Rising Spending Casts Spotlight on Impact of a Big Government

March 1, 2019 Updated: March 1, 2019

There are fresh concerns a growing bureaucracy is causing government spending to jump, according to the latest data from an independent examination of Queensland’s public sector.

State government spending jumped by 17.6 percent to $67.1 billion (US$47.5 billion) in the 2017-18 period, according to the latest financial audit from the Queensland Audit Office.

Half of the $3 billion (US$2.2 billion) increase is due to the estimated $1.5 billion (US$1.1 billion) net cost of holding the 2018 Gold Coast Commonwealth Games back in April. The remainder was spent on a combination of implementing the $494.6 million (US$350.7 million) National Redress Scheme, which aims to assist those who have experienced institutional child sexual abuse, as well as a 6.6 percent increase in employee expenses to $22.7 billion (US$16.1 billion).

“Health, social protection, recreation and culture, and education reported the largest increases in spending this year,” the report on the audit said. “Health and education continue to be the sectors with the highest portion, [representing a] combined 45 percent of total state expenses.”

Employee numbers in health and education administration have also increased 3.3 percent to 249,525 full-time equivalent employees (FTEs) in the five years starting from 2014.

“The number of FTEs has grown by 27,745—an increase of 12.7 percent,” the report said. “These increases have mostly occurred in the health and education sectors.”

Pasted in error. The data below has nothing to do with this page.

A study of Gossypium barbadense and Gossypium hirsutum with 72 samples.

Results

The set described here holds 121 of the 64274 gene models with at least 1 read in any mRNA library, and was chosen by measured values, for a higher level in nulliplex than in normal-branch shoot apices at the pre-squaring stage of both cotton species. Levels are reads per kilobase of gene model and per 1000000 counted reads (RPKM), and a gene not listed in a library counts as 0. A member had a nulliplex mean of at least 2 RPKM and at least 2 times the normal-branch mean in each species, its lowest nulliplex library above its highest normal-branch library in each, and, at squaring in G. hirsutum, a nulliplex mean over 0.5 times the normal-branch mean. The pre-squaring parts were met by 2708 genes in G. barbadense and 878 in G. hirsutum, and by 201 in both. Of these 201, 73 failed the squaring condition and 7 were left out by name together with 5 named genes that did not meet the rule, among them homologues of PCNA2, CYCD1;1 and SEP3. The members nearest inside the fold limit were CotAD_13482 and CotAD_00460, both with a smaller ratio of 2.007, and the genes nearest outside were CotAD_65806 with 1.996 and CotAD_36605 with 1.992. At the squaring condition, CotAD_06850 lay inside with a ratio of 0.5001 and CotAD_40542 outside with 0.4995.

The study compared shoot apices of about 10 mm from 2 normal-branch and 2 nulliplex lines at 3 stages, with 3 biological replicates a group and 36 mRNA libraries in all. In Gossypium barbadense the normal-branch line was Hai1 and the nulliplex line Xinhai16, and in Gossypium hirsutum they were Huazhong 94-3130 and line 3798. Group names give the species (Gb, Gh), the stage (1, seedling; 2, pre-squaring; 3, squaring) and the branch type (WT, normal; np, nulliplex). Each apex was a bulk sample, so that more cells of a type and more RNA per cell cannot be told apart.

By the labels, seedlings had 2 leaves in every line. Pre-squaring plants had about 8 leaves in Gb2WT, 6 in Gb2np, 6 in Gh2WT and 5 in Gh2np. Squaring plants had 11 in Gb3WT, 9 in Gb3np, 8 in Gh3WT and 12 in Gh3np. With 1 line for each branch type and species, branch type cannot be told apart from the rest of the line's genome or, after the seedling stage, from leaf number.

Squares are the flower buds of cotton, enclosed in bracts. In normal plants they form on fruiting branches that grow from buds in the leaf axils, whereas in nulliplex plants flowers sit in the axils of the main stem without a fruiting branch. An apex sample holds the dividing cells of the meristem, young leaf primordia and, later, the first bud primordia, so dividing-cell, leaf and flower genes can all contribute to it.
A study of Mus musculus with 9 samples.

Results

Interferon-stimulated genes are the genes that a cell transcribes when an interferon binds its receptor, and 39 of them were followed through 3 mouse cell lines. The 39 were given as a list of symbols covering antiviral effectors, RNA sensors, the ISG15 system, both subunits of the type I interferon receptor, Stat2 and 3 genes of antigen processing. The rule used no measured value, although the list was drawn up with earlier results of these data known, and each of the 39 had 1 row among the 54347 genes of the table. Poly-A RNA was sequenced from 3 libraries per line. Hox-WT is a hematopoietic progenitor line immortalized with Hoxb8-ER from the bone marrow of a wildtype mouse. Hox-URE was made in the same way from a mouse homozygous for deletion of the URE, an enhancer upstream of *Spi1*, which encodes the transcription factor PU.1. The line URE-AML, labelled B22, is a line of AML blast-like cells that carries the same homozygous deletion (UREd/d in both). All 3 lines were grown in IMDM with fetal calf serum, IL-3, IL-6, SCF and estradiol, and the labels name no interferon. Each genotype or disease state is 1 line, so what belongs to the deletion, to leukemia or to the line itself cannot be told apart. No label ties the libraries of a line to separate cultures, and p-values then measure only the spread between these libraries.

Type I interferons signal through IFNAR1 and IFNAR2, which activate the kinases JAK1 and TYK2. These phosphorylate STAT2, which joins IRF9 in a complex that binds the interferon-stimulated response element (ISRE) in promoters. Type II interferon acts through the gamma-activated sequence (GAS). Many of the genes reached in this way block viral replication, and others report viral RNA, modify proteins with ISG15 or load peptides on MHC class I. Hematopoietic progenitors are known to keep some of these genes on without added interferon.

The rapid growth in employee numbers has prompted the state government to introduce a limited increase in full-time employment to the same 1.75 percent rate of population growth.

“This year FTEs grew by 3.18 per cent, and the state expects that employee growth will be contained to population growth of 1.75 per cent over the forward estimates (the four-year period from 2018–19 to 2021–22),” the report said.

In addition to this, employee wages rose 3.3 percent compared to the previous year, with the average FTE earning between $88,664 (US$62,886) and $99,197 (US$70,356) in the past five years.

The expense blow-out absorbed the $1.75 billion (US$1.24 billion) surplus the government achieved through increasing tax, grants, interest income, and royalties.

“The government earned more than it incurred in expenses, this is the fifth consecutive year in which the general government sector reported a surplus,” the report said. “Royalty revenue, driven by higher than expected coal prices, and higher than forecast dividends and taxes from increased profitability in government-owned corporations in the electricity sector both contributed to the higher than expected result.”

According to the report, taxes, grant revenue and the sale of goods and services comprise up 82 percent of the government’s overall revenue and federal government grants and royalties “can be influenced by factors outside of the state government’s economic policies and pricing.”

Revenue from transactions increased by 3.4 percent to $58.1 billion (US$41.2 billion) in the general state government sector. The Queensland economy grew by 2.6 percent in the period, bringing higher state-based tax revenue and royalties.

Centre-right Liberal shadow treasurer Tim Mander warns ordinary Queenslanders are paying for the left-leaning Labor Party’s “out of control spending”.

“[They] have been hit with an extra $2.2 billion in taxes this year, plus higher charges like rego,” he told Fairfax Media.

A number of government departments have also been restructured following the November 2017 state general election, resulting in $10.83 billion (US$7.7 billion) in net assets being transferred between departments, which is referred to as “machinery of government” changes.

More than 170 machinery of government functions were transferred between government departments as part of the changes, most of which occurred following state government elections held in the years 2017, 2015, 2012 and 2009.

Machinery of government functions at Arts Queensland, Multicultural Affairs, and Infrastructure and Planning have switched between these departments four times in the past 10 years.